Seven weeks before he died, my father gathered my mother and us four children
for a conversation at his home.
His battle with multiple myeloma was clearly being lost. Compression fractures
in his spine had shrunk his 6-foot-1 frame to 5-foot-8. He had lost 40
pounds and the use of one eye. He was diagnosed with dementia and was
in constant pain.
Still, the former attorney was sharp as a whip as he held court in his
living room. He wasn't ready to die. He didn't want to die. But
he knew he was dying – and since he was dying, he wanted to do it
on his terms.
I am an obstetrician, devoted to bringing people into this world. Oh, the
magic and beauty of birth. Until my father's journey through hospice,
I hadn't realized that death can be sacred and spectacular too.
Not everyone has a say in his or her final days, of course. Accidents,
murder, heart attacks – these can all claim a person's life
in an instant. But many, like my father, die after a long battle with
disease. We see ourselves deteriorate and have the time to ask: Do we
spend our final weeks in and out of doctors' offices, or do we savor
the time we have left?
At our meeting, I printed out some information about hospice care. I got
the idea from a patient of mine, a clinical care social worker. She regularly
sees families in the ER who have never talked about their wishes and are
left bewildered and anxious at the end.
"Hospice," she told me, "should become a household word."
So I introduced it to my household, and at first everyone seemed incredibly
interested in their shoes. Eventually we began talking: One sibling wondered
if we were being fatalistic. Another asked if the pain medication would
hasten dad's death rather than support him through it.
In the course of two hours, we asked dad, point by point, about his preferences
regarding everything from feeding tubes to resuscitation. Everyone had
a chance to hear what he wanted, get clarification and ask questions.
Then we had lunch.
A few of us laughed: "We just had this intense two-hour conversation,
and now we're pretending that everything is normal."
"We're not pretending," he said. "It is normal."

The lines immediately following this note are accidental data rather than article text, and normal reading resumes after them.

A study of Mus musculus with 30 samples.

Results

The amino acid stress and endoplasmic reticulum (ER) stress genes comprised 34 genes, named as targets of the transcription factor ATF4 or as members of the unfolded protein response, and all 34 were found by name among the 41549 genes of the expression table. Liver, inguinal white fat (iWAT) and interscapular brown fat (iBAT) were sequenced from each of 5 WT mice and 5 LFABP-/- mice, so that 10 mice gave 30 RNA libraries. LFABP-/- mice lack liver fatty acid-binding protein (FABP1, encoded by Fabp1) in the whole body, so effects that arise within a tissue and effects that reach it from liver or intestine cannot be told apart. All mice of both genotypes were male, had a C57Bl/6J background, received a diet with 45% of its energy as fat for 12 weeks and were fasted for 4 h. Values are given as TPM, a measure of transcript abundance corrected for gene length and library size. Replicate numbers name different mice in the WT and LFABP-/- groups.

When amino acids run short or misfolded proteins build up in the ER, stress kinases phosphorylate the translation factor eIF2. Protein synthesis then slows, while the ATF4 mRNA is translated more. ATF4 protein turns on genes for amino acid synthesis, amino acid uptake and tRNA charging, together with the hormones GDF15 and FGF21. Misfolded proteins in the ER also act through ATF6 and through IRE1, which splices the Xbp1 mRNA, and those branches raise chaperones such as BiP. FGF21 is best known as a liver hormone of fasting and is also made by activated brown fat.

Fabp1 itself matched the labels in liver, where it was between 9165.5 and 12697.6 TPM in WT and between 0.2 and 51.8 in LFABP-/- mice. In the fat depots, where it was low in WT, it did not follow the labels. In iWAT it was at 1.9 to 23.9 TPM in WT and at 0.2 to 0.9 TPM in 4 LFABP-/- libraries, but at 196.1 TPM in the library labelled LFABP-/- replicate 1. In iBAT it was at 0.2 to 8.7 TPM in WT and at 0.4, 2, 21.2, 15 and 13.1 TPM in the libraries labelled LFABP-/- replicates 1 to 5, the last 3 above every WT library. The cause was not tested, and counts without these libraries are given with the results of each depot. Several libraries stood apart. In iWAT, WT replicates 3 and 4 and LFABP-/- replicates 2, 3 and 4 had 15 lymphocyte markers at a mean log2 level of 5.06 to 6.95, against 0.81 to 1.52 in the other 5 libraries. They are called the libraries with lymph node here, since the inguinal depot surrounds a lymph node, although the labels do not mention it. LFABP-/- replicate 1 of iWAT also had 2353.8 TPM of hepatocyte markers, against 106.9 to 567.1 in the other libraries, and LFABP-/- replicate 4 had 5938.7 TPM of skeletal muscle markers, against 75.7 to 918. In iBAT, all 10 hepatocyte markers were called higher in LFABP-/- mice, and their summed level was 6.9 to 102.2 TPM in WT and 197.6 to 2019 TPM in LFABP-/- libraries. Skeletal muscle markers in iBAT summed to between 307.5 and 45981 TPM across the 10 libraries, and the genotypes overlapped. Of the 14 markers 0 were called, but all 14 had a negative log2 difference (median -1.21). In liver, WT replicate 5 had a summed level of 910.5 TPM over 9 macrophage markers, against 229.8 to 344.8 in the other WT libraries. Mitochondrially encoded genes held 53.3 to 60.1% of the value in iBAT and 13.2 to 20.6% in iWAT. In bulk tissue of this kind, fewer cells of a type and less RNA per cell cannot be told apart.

Dad was right about that — as he has been about so many things. Planning
is normal. All day, I talk to expectant mothers about their plans for
the start of life. For my father and for our family, it was meaningful
to plan for the end too.
During the next 21 days, as my father became less communicative, we used
his plan as our road map, referring to it to determine how to care for
him. His hospice caretaker fed him pureed food served on china plates.
On nice days, the caretaker would lift him into the car and take him to
the harbor. No doctors' offices, no tests.
There were happy times and humor, intense sadness and loneliness. There
was exhaustion and fear and a few false alarms. I couldn't help notice
how much like a very long labor dad's final days seemed to be.
On his last night, we had a "party" with several of us sitting
around him on his bed. At one point, I picked up a sponge we used to keep
dad's mouth moist and dipped it into mom's gin and tonic. Reflexively,
he began sucking on it the way a baby would.
We said we were toasting dad and began laughing, talking in that shorthand
way families do. Later, I looked over at my dad and saw him take a breath
that would be his last. It was 8 p.m. on Oct. 20.
We generally have as little say about when we leave this world as when
we enter it, but I get some solace knowing that the last sounds dad heard
were of his family gathered around him in laughter, honoring his last
wishes and seeing him off as he let go. Just as he planned.
DR. ALLYSON BROOKS is the executive medical director of the Women's
Health Institute at Hoag Hospital. She lives in Newport Beach.